These are days when much of school education is happening online via zoom technology. Teachers are seen from a distance. But they continue to serve the community by discharging their duties.
The teachers who love being in this profession will vouch that they rate the responsibility that comes with their job above the money they make.
These are days where we think of our teachers because we don’t see them much; largely due to the pandemic situation in the country. Just a few days ago there was a news item in the newspapers that St.Benedict’s College Kotahena had conduced a felicitation ceremony for retired teachers; largely to see to their welfare. The event was held at the school’s auditorium. What really makes those who heard about it receive the news as a blessing to the society is because it nurtures the thought ‘we are what we are because of our teachers’.
It is a known fact that teachers once they retire go into a ‘forget file’. But the Old Boys Union of St.Benedict’s College Kotahena thought it is time to change all that and came up with this concept to take care of their teachers who are in retirement.
According to the organisers of the event 55 teachers who had served the school with dedication and had spend more than half their lives at the school met the criterion to be selected.
Most teachers grow old in the industry, don’t fit into any other profession and bow out when retirement approaches. A good number of them sweat in the classrooms they teach in and don’t engage in private tuition; hence they survive with the take home salary.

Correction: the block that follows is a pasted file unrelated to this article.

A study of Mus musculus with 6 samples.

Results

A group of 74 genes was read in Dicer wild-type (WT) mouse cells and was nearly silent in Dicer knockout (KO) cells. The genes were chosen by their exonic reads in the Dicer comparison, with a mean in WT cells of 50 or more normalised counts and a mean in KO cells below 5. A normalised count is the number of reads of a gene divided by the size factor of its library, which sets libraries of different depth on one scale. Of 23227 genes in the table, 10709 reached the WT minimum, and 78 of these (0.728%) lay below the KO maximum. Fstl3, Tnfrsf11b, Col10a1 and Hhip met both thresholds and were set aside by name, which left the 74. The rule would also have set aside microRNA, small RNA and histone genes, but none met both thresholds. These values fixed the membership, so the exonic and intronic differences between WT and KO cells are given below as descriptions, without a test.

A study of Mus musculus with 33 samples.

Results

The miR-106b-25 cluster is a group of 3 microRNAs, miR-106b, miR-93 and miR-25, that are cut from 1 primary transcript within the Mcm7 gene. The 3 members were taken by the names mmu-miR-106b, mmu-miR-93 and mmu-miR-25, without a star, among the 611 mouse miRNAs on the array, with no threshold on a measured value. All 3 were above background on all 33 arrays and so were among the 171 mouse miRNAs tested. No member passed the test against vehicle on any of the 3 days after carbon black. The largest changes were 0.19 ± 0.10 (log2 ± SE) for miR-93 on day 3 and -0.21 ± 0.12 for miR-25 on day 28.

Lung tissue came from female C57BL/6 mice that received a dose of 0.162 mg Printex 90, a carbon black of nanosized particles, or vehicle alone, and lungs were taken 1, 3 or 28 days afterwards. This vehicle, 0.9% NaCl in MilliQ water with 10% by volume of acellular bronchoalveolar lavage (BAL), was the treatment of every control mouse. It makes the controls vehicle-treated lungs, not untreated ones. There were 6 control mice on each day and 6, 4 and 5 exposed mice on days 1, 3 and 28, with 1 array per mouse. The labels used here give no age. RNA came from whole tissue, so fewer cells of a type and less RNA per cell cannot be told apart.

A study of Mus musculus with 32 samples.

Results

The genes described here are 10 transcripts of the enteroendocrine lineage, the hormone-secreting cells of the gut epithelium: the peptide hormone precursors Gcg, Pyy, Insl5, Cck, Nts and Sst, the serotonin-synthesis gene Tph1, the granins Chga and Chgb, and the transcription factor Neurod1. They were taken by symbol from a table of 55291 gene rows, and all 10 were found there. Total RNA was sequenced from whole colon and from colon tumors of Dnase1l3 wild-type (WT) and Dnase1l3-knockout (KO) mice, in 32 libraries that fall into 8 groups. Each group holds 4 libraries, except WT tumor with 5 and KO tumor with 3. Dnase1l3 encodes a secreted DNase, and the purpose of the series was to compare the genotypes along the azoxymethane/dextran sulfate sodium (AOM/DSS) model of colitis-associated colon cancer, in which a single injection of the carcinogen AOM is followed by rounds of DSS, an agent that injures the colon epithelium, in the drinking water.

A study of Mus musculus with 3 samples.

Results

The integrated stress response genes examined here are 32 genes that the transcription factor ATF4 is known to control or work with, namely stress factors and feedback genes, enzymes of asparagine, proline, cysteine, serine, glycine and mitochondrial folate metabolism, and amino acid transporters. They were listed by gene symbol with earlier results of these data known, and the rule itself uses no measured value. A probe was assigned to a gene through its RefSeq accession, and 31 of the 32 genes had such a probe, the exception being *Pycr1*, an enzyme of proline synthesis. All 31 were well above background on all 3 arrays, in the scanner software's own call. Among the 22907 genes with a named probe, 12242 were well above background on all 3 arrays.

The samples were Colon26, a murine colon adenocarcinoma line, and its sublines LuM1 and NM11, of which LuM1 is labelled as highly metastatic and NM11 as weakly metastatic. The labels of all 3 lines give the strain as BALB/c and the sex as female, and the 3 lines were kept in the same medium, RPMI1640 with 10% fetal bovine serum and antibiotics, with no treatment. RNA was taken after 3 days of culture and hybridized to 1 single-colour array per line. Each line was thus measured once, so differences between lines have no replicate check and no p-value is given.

St.Benedict’s College is a Catholic school and embed in the students Christian values. This programme to felicitate the teachers not only make their ‘gurus’ happy it also sends a strong message to all schools that teachers once they retire must be nurtured and cared for like ‘children’. Just a reminder that there is a life cycle where kids depend on adults and parents and when these adults grow old and feeble become kids again and need loved ones to depend on.
What was organised for these teachers was not a one-off payment. It was more than that. What was given had more value than money and was full of love, care and attention!
For the record these teachers were presented with an insurance cover, a monthly monitory donation, opportunities to attend annual check-ups and a counseling clinic among other benefits. The project was titled ‘NAMADIMU” which translated to English means ‘worship’.
Many educationists would say that employees must have the discipline to save at least 10% of their monthly salaries; however tough the times are. But we do see retired school principals working as security guards in private firms. Sometimes their past expertise in teaching surfaces during serving these security firms; especially when they come up with solutions to solve some problem involving people. Only teachers can solve certain problems without damage or insult to character.
Teachers do a thankless job. The gifts we present them with on “World Teachers’ Day’ is nothing compared to the sacrifices they make. Haven’t we heard of teachers who teach for free after they finish their duty hours in schools? We can make our teachers happy by performing well at the exams and showing them the marks we obtain. But the best gift a teacher receives is when he or she bumps into a past pupil and realises that the student has moved forward from where the classroom education was stopped!